The week has not started well for George Osborne. As well as being hauled before the Leveson Inquiry today, a series of stories over the weekend have revealed the UK tax system hemorrhaging money abroad.
Investigations by The Sunday Times, and German TV programme Frontal 21 have revealed, once again, the allure of using opaque tax jurisdictions to circumvent domestic tax duties.
Vodafone has made the news again this week as a Sunday Times investigation revealed the mobile phone company did not pay a single penny in corporation tax in Britain last year.
Despite generating several hundred million pounds from British customers the phone company has avoided paying any corporation tax to HM Revenue & Customs (HMRC).
Tax was avoided through the employment of a series of legal accounting manoeuvres involving a network of companies domiciled in opaque tax jurisdictions.
In March an undercover sting by the Bureau and Private Eye revealed that Vodafone’s office in Switzerland appears to be little more than a shell, indicating their main purpose is tax avoidance.
Read the Bureau’s Vodafone sting here.
The Sunday Times investigation, meanwhile, focuses on Vodafone subsidiaries in Luxembourg. Loans made by the Luxembourg branch to the UK are paid back with interest, allowing the UK business to funnel profits to Luxembourg, where it can enjoy a lower rate of tax if it negotiates with the tax-man.
Vodafone has previously faced criticism for a supposed ‘sweetheart deal’ with HMRC. The arrangement allowed it to pay £1.25bn, rather than £2.2bn in tax following the acquisition of Mannesmann, a German telecoms company in 2000.
The company responded to the Sunday Times investigation saying that Britain accounts for less than 4% of its total profits. Vodafone also assert that it paid approximately £700m to HMRC in payroll and other taxes last year and that tax credit generated in Luxembourg has ‘no bearing on UK taxation.’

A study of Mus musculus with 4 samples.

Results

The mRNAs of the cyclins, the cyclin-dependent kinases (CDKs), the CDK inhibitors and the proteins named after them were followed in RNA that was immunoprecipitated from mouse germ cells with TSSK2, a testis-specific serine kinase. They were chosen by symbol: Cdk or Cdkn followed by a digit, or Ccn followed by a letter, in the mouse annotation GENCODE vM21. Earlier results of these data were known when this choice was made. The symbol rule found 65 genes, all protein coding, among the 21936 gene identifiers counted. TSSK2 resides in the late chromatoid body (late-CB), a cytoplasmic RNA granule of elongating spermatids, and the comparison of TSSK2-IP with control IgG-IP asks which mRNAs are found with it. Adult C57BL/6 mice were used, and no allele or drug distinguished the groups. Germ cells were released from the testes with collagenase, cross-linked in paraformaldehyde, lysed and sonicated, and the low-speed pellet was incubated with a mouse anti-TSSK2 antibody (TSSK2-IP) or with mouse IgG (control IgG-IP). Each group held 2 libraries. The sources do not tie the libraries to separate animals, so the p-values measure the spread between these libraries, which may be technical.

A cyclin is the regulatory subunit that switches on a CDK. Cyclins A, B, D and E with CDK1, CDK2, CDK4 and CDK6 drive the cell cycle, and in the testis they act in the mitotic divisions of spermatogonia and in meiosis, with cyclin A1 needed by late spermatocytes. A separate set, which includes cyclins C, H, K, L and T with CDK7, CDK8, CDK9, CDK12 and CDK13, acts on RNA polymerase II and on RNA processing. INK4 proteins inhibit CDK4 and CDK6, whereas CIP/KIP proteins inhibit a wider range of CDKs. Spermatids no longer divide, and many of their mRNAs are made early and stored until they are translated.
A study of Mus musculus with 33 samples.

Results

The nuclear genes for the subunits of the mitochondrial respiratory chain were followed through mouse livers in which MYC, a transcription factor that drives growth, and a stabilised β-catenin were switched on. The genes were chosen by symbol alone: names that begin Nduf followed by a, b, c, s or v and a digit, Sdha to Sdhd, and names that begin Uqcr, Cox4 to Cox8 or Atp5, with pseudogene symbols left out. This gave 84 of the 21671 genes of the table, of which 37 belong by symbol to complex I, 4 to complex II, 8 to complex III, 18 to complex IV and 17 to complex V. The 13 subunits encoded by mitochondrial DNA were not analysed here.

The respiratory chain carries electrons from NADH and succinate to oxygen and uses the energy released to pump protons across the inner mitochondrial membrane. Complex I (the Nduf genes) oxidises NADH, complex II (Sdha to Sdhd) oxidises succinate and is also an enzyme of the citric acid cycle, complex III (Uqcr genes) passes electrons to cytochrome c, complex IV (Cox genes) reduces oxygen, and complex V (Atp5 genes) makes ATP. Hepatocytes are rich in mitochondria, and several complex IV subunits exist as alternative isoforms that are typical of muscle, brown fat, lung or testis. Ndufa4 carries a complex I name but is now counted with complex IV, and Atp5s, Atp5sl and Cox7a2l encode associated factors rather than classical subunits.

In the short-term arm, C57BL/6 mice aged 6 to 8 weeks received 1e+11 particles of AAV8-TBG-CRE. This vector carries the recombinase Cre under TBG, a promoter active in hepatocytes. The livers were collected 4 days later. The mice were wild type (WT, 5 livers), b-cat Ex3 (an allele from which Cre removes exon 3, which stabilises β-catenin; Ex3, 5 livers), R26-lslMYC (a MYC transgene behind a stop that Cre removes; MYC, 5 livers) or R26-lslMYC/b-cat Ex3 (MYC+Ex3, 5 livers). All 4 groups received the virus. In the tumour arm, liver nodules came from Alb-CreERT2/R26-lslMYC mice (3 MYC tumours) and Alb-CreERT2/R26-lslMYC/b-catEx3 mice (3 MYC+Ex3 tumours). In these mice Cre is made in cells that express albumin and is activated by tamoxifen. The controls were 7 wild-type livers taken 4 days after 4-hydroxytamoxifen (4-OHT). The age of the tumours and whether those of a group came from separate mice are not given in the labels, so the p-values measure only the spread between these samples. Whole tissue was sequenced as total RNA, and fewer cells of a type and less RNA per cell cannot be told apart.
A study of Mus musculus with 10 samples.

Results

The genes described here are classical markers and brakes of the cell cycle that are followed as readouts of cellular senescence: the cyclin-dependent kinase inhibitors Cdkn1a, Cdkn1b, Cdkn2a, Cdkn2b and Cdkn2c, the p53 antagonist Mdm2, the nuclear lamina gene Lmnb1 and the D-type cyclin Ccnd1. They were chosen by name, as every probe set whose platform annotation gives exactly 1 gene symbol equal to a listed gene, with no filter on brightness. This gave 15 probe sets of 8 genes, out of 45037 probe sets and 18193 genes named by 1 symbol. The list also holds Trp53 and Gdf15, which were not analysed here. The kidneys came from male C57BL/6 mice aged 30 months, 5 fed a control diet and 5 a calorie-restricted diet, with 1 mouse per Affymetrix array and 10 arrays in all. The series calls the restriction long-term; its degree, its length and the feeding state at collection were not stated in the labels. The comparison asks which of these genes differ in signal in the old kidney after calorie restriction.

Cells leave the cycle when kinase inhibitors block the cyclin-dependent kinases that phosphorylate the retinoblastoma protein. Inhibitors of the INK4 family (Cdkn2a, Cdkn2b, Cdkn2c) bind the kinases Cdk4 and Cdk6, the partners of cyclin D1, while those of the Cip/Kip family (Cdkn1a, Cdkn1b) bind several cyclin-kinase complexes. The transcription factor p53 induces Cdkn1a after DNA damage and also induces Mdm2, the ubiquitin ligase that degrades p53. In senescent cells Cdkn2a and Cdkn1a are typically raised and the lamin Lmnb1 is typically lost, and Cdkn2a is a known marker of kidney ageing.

Deal or no deal?
The expose of Vodafone’s tax affairs comes at a crucial moment in HMRC’s dealings with international tax affairs. A landmark agreement is currently being drawn up with Swiss authorities to attempt to manage the movement of UK money abroad.
The HMRC’s permanent secretary for tax Dave Hartnett has suggested that the deal with Switzerland will raise between £4bn – £7bn.
However the efficacy of the agreement has been thrown into doubt following an undercover investigation of an almost identical agreement between Switzerland and Germany.
Reporters from German show Frontal 21 posed as investors looking to invest $4m in Swiss companies, specifically looking for ways that by-passed the German-Swiss tax deal.
One of the methods that the reporters discovered was that by creating a Swiss GmbH, a legal entity, rather than a company, they could by-pass the agreement, which specifies only ‘pure holding companies’.
These technical tricks of the trade and loopholes led tax expert, Thomas Koblenzer to describe the German-Swiss deal as having ‘as many holes as a Swiss cheese.’
Now campaigners are suggesting that the same weaknesses in the UK-Swiss agreement could result in the UK losing tax revenue.
The Tax Justice Network (TJN) has identified over 10 loopholes which could allow UK companies to escape the new rules. The organisation has called the government’s plans a ‘major over-estimation which misleads the British public’.
In a statement on the TJN’s blog Nicholas Shaxson, author of ‘Treasure Islands - tax havens and the men who stole the world’, states, ‘There is a very strong likelihood that this deal which guarantees tax haven secrecy, will spread like a cancer through the global financial system. This is because many countries are now considering similar agreements. They are either tax havens that want to copy Switzerland, or victims of tax evasion that want to copy the UK.’
Read the Sunday Times investigation here.